Air Niugini, Unpaid Invoices & Stolen Panties

Air Niugini has Ordered two Q400 NextGen High-Speed Turboprop Airliners

Last month Air Niugini’s main competitor in the PNG aviation industry, Airlines PNG, was splattered across news sites around the world due to the tragedy of the Kokoda crash where 13 people died in what was PNG’s worst aviation disaster to date. The investigation into the crash is on-going and there seems to be a lot of uncertainty as to how many people were actually on board the flight as  more human remains have since been discovered at the site of the crash and reports that the plane’s manifesto is unreliable.

Despite the severity of the crash, Air Niugini must have let out a sigh of relief that it wasn’t one of “theirs”, in what has become an aging fleet. Recently, PNG’s flagship carrier placed a firm order for two Q400 NextGen high-speed turboprop airliners worth US$ 60 million. The airline also took an option for an additional Q400 NextGen airliner, which would increase the value of the order to about $92 million if the option is exercised.

However, despite Air Niugini’s much needed spending spree, there seems to be a few niggles plaguing the firm that have hit the news waves around the world. Firstly, the firm owes nearly half a million dollars to Air New Zealand for equipment supplied by Air NZ’s engineering service, plus repair work and supplied materials for one of Air Niugini’s ‘cowling’ systems where the cooling air is discharged in the low-pressure area near the nose of an aircraft. It seems that Air Niugini is refusing to pay part of this invoice because it is disputing the costs – the case  is on-going in the Auckland High Court.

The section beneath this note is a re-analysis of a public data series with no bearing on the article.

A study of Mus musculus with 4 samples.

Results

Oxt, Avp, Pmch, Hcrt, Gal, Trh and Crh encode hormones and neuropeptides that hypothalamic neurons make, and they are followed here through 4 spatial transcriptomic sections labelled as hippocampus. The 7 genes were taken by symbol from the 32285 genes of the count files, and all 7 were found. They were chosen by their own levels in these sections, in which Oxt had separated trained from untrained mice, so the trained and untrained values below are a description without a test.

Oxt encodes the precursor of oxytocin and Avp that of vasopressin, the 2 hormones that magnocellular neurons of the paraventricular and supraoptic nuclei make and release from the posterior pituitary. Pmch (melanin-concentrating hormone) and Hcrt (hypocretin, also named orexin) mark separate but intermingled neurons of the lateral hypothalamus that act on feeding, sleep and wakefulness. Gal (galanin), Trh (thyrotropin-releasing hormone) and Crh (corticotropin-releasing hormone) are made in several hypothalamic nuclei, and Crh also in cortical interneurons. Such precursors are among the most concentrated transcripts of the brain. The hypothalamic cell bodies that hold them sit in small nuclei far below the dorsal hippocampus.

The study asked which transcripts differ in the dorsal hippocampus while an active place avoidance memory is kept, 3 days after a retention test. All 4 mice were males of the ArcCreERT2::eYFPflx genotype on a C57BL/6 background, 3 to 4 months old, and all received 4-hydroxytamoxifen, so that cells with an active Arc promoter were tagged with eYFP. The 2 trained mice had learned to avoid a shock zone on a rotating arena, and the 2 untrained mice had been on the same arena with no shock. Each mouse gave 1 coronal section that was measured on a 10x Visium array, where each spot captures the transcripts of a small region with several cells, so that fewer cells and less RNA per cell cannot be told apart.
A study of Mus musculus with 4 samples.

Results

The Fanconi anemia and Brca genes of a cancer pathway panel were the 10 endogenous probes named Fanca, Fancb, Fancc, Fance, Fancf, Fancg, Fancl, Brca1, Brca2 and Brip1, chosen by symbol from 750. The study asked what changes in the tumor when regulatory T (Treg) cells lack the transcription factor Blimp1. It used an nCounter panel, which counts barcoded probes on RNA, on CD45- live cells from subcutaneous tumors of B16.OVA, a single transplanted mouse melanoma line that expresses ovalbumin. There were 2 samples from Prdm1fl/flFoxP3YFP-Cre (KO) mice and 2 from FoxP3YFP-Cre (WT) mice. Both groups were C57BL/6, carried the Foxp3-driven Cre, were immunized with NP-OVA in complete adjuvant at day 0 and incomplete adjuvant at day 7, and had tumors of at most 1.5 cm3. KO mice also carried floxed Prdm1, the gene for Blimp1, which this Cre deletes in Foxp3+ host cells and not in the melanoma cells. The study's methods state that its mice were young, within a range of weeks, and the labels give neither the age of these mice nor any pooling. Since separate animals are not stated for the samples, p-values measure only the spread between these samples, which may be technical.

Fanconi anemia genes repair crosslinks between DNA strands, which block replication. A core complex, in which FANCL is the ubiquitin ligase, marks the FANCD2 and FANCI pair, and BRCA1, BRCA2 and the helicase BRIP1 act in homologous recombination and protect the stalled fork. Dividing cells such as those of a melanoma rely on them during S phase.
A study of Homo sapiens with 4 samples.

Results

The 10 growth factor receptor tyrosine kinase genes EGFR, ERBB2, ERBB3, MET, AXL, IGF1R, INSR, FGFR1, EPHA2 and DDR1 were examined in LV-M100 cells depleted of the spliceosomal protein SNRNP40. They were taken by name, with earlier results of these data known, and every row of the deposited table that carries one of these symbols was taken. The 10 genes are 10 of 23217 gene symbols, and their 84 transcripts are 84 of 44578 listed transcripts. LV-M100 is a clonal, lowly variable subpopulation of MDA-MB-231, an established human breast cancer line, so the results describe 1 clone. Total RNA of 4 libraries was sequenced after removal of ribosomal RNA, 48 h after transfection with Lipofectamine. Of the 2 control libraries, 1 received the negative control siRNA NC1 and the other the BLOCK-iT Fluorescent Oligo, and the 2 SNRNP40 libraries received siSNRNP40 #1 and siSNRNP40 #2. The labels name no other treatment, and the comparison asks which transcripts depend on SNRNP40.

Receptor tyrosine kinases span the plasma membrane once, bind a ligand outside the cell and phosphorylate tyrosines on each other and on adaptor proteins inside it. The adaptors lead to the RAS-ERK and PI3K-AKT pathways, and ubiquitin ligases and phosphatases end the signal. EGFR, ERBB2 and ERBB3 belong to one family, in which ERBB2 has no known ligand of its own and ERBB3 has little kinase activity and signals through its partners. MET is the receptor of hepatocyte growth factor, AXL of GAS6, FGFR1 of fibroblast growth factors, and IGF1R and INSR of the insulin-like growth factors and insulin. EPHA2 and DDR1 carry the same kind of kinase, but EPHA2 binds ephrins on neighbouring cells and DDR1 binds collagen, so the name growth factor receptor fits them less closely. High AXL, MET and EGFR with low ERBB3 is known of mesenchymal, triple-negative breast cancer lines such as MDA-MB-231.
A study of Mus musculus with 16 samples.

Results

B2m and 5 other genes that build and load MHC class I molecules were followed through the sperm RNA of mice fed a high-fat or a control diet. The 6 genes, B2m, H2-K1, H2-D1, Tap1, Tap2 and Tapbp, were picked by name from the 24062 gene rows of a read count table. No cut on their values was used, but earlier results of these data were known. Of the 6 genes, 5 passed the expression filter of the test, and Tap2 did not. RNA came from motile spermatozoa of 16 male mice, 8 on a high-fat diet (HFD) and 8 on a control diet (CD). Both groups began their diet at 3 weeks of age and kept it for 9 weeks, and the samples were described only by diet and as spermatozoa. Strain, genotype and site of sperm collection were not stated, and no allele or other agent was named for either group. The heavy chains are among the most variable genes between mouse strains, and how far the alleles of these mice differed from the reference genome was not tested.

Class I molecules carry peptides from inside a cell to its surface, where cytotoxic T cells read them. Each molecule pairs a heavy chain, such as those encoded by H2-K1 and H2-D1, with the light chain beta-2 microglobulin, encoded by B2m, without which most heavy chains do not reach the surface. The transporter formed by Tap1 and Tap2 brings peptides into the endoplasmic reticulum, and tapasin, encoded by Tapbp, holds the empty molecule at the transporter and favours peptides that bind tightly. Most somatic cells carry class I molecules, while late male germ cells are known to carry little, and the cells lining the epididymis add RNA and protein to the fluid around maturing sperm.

Secondly, media reports around the world have reported an underpants thief terrorising plane passengers in PNG. Reports suggest that locks have been broken off from suitcases, and ladies panties have been stolen – all this despite the fact that more valuable items present within the suitcase have remained untouched.

I wonder which one of the above niggles has caused the most harm to Air Niugini’s international reputation? For the same cost the airline is paying its expensive lawyers to flog out a dead-horse case in Auckland’s High Court, the firm could possibly invest in training initiatives and upskilling schemes in an attempt to empower its frontline staff so panties-stealing isn’t reverted to as a corporate pastime.


One Response to “Air Niugini, Unpaid Invoices & Stolen Panties”

  1. This is only one of many issues concerning Air Niugini. The corruption at high levels is rife in the executive management with the ceo being the worst, taking holidays and claiming them as duty travel, diverting funds within the company to out side sources and placing family members in positions without qualifications while removing native employees. An audit of the activities of the board and ceo should be conducted however the political influences here in PNG is also connected with the corrupt practices. The employees of air Nuigini have to put up with terrible working conditions and abuse from the ceo. No one is allowed to leave air nuigini they get fired due to the ceo’s inability to take advice or be told that any problem is occurring within the company. Items can not be bought without the ceo’s approval, even toilet paper, this while he travels first class and will buy the seat next to him because he does not wish to be disturbed and will pull off the plane paying customs if a position is not available.???? Lots of Questions. What are the answers.